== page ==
Donald Wilbert Lobb

Year of birth: 1939

Inducted in 2015

Origin: Huron County

Nominated by: Ontario Soil and Crop Improvement Association

Specialty: Conservation, Organizations, Research

Don Lobb farmed near Clinton in Huron Country for more than 35 years. He was a visionary and motivator to establish and improve soil conservation practices and water quality. He could see by the early 70’s that conventional tillage and planting were leading to soil erosion and the contamination of waterways, including the Great Lakes. So he set out, in collaboration with researchers and extension specialists, to introduce new conservation methods, including no-till, on his farm. He systematically reorganized his fields to decrease soil erosion, planted windbreaks, retired marginal land, worked to slow surface water run-off and rehabilitated stream banks and even a gravel pit. He provided sites for more than 50 major university and government research projects and hosted many conservation education events, welcoming visitors from six continents.

Don’s intensive assessment of conservation practices proved that crop yields and income were not sacrificed by adopting them. As a result he was a much sought after speaker in Ontario, across Canada, the USA and Europe. He was featured in a 1996 documentary called “Water and the Human Spirit” to show how he improved the quality of the water leaving his farm and his farm was a case study in the Senate of Canada “Soil at Risk” report in 1994. He authored, co-authored and edited reports and Best Management Practices for No-Till, Cropland Drainage and Field Crop Production. He continues to work with the Land Improvement Contractors of Ontario to promote the importance of proper soil moisture management.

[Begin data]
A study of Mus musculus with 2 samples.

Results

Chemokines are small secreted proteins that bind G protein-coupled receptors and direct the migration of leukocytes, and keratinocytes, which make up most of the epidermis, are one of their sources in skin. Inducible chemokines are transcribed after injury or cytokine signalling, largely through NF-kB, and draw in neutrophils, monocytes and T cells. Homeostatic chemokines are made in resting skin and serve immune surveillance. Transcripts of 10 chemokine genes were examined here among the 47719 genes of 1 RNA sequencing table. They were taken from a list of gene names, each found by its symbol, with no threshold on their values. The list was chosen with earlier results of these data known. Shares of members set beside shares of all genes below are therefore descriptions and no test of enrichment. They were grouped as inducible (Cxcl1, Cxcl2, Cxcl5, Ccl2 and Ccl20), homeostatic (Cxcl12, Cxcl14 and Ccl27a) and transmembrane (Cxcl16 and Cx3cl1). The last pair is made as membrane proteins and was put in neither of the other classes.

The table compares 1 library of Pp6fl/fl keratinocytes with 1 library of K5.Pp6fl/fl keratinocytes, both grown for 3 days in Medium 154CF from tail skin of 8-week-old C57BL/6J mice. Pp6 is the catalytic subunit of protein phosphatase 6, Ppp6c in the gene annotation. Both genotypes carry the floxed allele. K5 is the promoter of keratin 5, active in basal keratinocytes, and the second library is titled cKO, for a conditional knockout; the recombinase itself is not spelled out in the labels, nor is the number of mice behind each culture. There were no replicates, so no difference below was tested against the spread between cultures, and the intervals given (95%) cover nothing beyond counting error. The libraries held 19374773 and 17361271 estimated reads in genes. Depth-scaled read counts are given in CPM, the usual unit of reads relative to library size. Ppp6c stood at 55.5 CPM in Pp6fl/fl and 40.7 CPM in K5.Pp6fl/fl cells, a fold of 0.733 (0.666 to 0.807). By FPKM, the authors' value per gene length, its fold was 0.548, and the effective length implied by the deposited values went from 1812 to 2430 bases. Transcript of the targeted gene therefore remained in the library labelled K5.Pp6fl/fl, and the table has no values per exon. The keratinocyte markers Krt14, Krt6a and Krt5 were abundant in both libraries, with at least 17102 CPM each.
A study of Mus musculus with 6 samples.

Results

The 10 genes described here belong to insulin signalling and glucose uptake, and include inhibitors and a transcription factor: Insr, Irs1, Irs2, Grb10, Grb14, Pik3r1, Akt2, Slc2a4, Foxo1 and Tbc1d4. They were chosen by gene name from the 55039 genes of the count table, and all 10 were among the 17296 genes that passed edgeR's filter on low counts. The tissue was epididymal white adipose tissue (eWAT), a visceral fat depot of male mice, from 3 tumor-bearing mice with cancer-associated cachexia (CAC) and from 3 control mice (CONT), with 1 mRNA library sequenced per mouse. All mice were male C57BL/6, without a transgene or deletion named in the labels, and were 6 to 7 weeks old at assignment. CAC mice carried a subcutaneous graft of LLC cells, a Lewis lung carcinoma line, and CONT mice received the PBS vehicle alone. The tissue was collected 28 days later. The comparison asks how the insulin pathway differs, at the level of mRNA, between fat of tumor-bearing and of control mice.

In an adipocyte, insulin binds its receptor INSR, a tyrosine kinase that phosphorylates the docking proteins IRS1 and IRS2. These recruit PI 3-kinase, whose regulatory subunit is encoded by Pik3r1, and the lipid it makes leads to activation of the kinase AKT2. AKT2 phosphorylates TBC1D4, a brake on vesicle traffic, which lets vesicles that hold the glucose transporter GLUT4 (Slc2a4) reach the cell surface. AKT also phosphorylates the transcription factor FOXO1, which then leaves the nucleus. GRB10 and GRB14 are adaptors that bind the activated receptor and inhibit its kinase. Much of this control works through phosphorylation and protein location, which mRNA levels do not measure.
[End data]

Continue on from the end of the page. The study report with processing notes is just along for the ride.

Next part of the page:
Don Lobb was a whirlwind of activity and was a founding member of the Soil Conservation Council of Canada 1987 to promote soil conservation practices and decrease soil degradation. He was the co-organizer and Chair of the first Ontario No-Till/Ridge-Till workshop which led to the development of more sustainable farming practices. He established, along with his wife Lillie Ann Morris, the Ontario Soil Champion Award through the Ontario Soil and Crop Improvement Association. In acknowledgement of his hard work to revolutionize thinking around soil management, Don has received a number of awards including being the first national recipient of Agriculture and Agri-Food Canada’s L.B. Thomson Conservation Award, and he was the first Eastern Canada farmer to be inducted into the Canadian Conservation Hall of Fame by the Soil Conservation Council of Canada.

Certainly, Don Lobb’s work on behalf of soil conservation and water quality make him an excellent inductee into the Ontario Agricultural Hall of Fame.